Review of David Menear's Swallows Playing Chicken


Swallows Playing Chicken is a vivid metaphor.

Swallows are beautiful, graceful, free and fragile – a state humans can only ever really approximate when we are children. The game of chicken – for anyone who doesn’t know, is where two fast moving, human piloted objects approach one another at top speed – on a collision course, until one, both, or neither lose their nerve and veer off course at the last moment Even a near miss can send one or both players careening out of control in random directions with results almost as catastrophic as a head on collision. Swallows are probably the fastest and most agile of songbirds. Their ability to evade one another is mindboggling. But the results of a mid-air collision would be like two bullets meeting, probably resulting in a tangled wreckage of bones and blood and feathers. And if the bird they are challenging is their own reflection in a window, their death is blunt and assured. The impact is always devastating.

I, for one, am glad that David Menear was there to scrape together the messy results into this fascinating and always riveting little collection. 22 minimalist stories, each with a single burst of sensory detail leading up to or away from a tragedy that took place in the blink of an eye. It is the readers job to be the forensic investigator – subconsciously pulling apart the tiny remains in search of meaning.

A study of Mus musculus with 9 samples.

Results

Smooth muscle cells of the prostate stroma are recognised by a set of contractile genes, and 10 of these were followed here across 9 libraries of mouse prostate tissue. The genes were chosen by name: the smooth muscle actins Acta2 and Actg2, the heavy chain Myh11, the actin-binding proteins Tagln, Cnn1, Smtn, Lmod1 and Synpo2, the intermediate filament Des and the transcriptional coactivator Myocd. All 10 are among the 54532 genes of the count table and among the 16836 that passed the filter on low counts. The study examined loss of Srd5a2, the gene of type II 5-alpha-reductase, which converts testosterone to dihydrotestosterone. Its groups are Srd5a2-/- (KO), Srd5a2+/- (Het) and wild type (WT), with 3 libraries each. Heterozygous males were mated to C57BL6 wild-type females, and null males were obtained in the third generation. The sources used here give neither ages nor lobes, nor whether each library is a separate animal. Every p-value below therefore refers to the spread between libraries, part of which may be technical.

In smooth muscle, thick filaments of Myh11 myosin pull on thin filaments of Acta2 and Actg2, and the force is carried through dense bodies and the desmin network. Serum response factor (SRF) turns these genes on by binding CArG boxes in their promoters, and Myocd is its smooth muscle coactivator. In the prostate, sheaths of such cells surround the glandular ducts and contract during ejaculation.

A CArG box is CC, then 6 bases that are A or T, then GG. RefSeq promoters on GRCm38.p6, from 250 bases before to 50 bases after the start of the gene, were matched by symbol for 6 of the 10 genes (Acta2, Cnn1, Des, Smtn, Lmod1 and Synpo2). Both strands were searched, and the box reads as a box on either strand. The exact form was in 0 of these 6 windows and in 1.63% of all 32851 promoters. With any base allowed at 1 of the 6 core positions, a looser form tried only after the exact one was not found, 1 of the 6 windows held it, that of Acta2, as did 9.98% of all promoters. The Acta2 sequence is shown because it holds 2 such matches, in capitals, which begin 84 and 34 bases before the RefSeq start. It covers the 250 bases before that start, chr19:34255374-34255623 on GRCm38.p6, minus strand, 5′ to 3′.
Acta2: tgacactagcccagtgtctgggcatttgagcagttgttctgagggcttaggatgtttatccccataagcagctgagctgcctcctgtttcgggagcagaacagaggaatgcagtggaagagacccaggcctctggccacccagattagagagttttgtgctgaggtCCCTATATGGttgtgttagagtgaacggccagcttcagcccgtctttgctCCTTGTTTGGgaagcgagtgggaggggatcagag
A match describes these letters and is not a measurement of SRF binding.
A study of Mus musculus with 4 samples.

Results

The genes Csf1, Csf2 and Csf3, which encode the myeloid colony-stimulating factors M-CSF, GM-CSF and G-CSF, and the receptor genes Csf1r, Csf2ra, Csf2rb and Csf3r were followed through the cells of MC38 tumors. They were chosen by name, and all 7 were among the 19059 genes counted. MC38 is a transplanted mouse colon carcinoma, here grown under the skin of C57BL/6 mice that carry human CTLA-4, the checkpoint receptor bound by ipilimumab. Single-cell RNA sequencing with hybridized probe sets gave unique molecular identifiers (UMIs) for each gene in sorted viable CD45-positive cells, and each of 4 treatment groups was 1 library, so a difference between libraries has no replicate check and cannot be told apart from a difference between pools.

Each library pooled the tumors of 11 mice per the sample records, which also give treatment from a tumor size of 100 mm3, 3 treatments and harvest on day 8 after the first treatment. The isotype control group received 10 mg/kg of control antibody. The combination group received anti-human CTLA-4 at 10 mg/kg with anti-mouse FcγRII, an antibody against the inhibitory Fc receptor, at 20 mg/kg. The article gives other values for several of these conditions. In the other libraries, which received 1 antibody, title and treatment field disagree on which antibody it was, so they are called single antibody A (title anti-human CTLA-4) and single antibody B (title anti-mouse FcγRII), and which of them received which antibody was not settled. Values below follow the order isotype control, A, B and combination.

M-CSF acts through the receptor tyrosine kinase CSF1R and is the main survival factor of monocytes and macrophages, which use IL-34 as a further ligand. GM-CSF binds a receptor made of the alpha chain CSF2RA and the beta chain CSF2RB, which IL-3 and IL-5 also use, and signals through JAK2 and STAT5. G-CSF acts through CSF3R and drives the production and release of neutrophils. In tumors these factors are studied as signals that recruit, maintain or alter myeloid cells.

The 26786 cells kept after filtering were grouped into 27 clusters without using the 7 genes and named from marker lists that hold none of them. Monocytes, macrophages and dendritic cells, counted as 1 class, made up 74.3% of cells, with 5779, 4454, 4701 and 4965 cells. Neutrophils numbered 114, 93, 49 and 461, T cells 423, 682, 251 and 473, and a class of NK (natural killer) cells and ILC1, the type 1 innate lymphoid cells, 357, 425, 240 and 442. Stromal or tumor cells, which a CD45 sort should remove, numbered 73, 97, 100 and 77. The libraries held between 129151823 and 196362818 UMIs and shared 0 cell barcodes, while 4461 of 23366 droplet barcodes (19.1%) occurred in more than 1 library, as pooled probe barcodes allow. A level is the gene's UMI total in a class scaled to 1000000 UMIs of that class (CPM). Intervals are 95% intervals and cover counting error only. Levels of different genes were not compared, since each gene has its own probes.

Most of the stories in Swallows Playing Chicken involve loss of innocence, or at least moments of perfect disillusionment. As often as not, they are highly polished glimpses of an instant after which nothing will be the same again.

The stories hopscotch across a broken continuum. The storyteller is often a character named Wayne. In many of the stories there is a mysterious silently crazy sister named Wendy, an older brother named Dennis and/or a girlfriend/wife named Brenda. The Mom is a benign presence that comes and goes as affectlessly as a flickering ghost. When the father appears, he is a malevolent presence; an evil bred far more out of thoughtlessness than intention. In some of the stories, Wayne has no siblings, no wife, no children or lost children. He sometimes briefly has a dog. But the moments Wayne lives through with all of these characters are very brief, intense and real, each one a sensorium overflowing with wistful melancholy – an instant or a habit of inattention leading into a lifetime of tragic tawdriness – 22 slivers sliding under your skin; sometimes unnoticeably, more often festering there. But for me, the real trick is how, when you slice open the flesh to get at them, you find that everything has changed. The story that shocked or irritated you is absent or now means something completely different. For such intense little realities, they are all strangely mutable.  But then so is the reality they depict. The stories in Swallows Playing Chicken will transport you – whether you’re paying attention or not.